The celiac plexus, popularly known as the solar plexus, is a bundle of nerves located behind the stomach and in front of the diaphragm. It is near the celiac artery and the abdominal aorta. The celiac plexus innervates a number of organs including stomach, gallbladder, kidneys, liver, pancreas, adrenal glands, and blood vessels. A celiac plexus block can improve pain symptoms from any of these organs. Celiac plexus blocks are fluoroscopically guided injections and are commonly preformed on patients to treat intractable pain from cancer or pancreatitis.

Description of the Celiac Plexus Block Injection procedure

Although there are many ways to perform the celiac plexus block, at Omega we usually take the posterior approach. This means that the patient lies on their abdomen and the vertebrae will be accessed through the side with an anesthetized needle. Using fluoroscopic imaging, the physician will ensure correct placement of the needle. When correctly placed, another needle will be placed on the opposite side of the vertebra and a combination of local anesthetic and contrast dye will be injected. With cancer patients, phenol is also often injected to prolong pain relief. In many cases the doctor will suggest intravenous sedation to make the procedure more comfortable for the patient. During the procedure, the physician will monitor vital signs to ensure safety. Usually, the procedure will last thirty minutes or less and the patient will be sent home after a short recovery time.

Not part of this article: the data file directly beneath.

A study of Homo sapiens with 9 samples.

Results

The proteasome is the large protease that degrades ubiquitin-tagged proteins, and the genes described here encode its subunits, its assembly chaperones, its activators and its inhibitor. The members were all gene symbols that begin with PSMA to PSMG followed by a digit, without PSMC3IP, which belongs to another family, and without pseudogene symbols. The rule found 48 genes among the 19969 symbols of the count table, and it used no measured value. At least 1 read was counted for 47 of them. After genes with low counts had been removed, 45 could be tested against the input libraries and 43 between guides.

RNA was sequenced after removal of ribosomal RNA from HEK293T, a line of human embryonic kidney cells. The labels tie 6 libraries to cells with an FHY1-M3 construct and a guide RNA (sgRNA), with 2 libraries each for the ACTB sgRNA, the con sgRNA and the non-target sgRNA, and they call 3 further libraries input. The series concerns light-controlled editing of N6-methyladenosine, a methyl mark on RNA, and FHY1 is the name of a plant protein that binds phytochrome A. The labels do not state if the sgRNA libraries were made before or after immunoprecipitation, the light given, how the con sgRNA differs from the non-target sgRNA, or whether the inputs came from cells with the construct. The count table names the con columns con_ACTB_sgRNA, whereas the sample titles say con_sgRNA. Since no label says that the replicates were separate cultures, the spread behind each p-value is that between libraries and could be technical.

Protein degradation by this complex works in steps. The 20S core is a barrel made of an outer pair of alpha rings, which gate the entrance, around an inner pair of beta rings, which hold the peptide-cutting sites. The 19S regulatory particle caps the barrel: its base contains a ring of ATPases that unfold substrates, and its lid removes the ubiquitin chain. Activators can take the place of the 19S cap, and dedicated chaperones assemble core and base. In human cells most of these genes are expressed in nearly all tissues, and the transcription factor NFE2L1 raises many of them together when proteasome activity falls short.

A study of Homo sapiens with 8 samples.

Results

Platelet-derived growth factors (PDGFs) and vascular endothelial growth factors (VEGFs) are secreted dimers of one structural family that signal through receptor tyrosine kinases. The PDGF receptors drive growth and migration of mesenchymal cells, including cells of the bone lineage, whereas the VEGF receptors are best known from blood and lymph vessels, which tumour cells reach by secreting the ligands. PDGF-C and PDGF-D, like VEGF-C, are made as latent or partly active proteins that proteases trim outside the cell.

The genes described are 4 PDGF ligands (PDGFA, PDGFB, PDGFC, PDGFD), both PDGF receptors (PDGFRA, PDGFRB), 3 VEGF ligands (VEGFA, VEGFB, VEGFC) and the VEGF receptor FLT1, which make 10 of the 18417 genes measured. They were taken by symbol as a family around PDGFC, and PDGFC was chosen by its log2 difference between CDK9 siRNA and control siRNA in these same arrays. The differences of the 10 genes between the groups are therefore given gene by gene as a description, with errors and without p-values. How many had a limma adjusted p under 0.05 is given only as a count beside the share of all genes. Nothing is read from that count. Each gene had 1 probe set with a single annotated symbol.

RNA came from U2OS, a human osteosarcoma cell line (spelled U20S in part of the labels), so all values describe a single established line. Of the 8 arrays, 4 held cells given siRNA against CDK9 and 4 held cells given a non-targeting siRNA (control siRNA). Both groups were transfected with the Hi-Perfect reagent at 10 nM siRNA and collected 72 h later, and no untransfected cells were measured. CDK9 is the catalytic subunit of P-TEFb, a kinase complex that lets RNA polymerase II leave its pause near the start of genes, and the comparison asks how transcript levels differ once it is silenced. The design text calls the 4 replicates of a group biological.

Utah Celiac Plexus Blocks Treatment

As with any medical procedure, there are both risks and benefits with a celiac plexus block. Because this procedure is non-surgical, the recovery time is much shorter than standard surgical rehabilitation and patients can return to their normal lives much more quickly. A successful celiac plexus block will produce profound pain relief and will often be repeated to increase relief further. Although the risk for this procedure is low, adverse effects happen in a small number of patients including bleeding, infections, misplacement of the needle, puncture of surrounding organs or adjacent vessels, drug allergy and nerve damage/paralysis. The most common complaints related to the celiac plexus block are transient diarrhea and hypotension.